The Worst Extensions From Two Offseasons Ago

More than $1.1 billion across 117 contract years was committed to 32 players with less than six years of Major League service time during the 2010-11 offseason extension period, spanning October 2010 through April 2011.  Ryan Braun, Adrian Gonzalez, and Troy Tulowitzki each signed extensions worth more than $100MM.  Two years removed from this extension period, which contracts now appear the most regrettable?

  • Dan Uggla has provided some value over the past two seasons, hitting 36 home runs in 2011 and drawing a good amount of walks last year.  Still, at .223/.326/.416 since the contract was signed, the Braves' second baseman has fallen short of the level of production that compelled the team to commit five years and $62MM.
  • Chad Billingsley's three-year, $35MM extension didn't look bad when it was signed in March 2011, but it covers 2012-14 and Tommy John surgery will take a big bite out of the righty's innings for the Dodgers.
  • The Marlins' Ricky Nolasco has a career FIP of 3.83 against an ERA of 4.47, so he is probably overvalued by a FIP-based method.  Nolasco is finishing out a three-year, $26.5MM extension, and the Marlins are expected to have to eat money or take back salary in order to move him.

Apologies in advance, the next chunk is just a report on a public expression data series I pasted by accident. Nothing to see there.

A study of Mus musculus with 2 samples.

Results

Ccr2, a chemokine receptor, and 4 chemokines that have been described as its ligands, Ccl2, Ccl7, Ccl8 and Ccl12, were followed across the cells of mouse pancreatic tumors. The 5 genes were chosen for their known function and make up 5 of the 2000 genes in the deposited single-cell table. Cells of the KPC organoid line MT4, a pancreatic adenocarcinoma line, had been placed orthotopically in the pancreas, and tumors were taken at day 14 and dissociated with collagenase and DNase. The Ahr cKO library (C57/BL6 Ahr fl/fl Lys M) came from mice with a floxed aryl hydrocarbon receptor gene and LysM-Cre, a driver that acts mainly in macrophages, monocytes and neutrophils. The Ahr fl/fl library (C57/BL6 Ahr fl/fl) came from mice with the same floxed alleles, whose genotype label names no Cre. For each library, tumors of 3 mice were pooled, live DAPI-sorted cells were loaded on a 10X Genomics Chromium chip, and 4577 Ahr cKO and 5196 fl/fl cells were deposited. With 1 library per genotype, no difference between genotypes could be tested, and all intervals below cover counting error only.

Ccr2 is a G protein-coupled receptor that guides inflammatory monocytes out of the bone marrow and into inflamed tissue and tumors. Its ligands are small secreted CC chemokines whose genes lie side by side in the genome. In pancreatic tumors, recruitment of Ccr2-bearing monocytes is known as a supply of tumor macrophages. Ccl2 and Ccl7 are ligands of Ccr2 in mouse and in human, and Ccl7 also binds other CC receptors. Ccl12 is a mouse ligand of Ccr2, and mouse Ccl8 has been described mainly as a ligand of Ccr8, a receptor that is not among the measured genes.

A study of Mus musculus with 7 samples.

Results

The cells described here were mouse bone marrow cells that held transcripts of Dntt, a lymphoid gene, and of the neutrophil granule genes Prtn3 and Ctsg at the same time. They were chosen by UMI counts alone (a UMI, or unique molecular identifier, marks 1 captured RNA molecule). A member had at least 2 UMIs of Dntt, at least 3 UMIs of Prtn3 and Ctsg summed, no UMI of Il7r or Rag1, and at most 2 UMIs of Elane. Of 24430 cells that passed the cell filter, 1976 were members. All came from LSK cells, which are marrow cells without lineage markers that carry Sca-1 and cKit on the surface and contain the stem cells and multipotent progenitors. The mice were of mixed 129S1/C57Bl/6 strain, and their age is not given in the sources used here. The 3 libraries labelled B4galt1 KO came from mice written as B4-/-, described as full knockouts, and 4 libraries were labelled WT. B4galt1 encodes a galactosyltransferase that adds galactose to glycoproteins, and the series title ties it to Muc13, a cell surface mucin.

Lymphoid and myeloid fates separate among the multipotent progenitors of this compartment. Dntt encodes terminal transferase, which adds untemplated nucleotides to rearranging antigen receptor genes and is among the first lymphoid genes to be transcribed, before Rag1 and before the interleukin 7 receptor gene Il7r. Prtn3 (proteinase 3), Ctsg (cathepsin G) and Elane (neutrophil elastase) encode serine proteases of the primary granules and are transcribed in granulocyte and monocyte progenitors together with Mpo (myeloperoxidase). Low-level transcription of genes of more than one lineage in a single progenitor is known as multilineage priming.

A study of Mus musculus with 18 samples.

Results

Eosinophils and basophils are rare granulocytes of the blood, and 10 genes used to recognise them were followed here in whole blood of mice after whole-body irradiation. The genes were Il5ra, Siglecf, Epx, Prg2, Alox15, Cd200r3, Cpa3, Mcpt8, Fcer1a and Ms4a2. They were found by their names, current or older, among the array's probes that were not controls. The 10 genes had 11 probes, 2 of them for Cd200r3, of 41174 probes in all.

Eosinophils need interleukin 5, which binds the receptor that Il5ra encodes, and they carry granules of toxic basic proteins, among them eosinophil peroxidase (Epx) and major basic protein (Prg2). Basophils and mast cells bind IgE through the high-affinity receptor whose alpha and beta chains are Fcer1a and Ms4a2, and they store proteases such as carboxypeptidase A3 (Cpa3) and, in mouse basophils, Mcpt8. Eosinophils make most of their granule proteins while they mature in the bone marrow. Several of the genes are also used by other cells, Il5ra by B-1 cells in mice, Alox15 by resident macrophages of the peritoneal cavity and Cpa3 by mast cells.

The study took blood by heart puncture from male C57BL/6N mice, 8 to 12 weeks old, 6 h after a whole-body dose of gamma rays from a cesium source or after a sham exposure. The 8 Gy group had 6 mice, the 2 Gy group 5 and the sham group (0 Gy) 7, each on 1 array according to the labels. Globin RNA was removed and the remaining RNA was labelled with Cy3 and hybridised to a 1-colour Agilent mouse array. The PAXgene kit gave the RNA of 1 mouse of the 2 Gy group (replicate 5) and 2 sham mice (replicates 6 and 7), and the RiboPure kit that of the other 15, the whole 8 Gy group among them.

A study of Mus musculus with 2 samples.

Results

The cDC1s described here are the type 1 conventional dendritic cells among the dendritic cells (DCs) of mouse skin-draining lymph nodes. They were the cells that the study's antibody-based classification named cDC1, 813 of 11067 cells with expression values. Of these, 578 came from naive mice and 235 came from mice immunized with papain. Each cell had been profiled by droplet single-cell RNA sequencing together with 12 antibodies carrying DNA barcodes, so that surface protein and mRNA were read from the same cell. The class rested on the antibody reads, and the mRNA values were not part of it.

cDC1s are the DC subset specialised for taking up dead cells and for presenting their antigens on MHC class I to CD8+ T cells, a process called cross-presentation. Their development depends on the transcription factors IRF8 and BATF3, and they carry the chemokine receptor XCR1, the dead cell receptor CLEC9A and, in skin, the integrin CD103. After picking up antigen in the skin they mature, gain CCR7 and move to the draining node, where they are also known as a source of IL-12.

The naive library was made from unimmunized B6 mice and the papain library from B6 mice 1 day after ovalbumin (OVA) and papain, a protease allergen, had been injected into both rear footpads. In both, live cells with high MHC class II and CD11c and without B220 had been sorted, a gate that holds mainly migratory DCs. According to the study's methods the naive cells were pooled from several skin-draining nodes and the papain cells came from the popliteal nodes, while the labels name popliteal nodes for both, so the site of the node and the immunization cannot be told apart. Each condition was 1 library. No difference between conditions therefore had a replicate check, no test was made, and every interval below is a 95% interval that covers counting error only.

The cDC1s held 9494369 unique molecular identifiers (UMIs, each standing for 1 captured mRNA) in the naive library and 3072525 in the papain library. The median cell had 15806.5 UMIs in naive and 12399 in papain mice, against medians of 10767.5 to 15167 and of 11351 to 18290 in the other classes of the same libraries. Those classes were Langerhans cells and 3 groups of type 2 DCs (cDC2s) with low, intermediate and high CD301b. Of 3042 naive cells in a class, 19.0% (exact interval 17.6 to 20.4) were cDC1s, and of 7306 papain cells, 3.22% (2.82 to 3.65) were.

• Cubs reliever Carlos Marmol signed a three-year, $20MM extension.  Former Cubs GM Jim Hendry guaranteed Marmol's final two arbitration years and also bought a year of free agency for $9.8MM.  Perhaps Marmol was an unhittable strikeout machine in 2010, but he'd also shown a penchant for walking six or seven batters per nine innings.  Once Marmol became just a bit more hittable, the wheels fell off.  
  • With the player coming off a .254/.324/.350 season, was it really necessary to buy out one of Jason Bartlett's free agent years?  Former Padres GM Jed Hoyer did so at a cost of $5.5MM for 2012, only to release the shortstop in August of that year.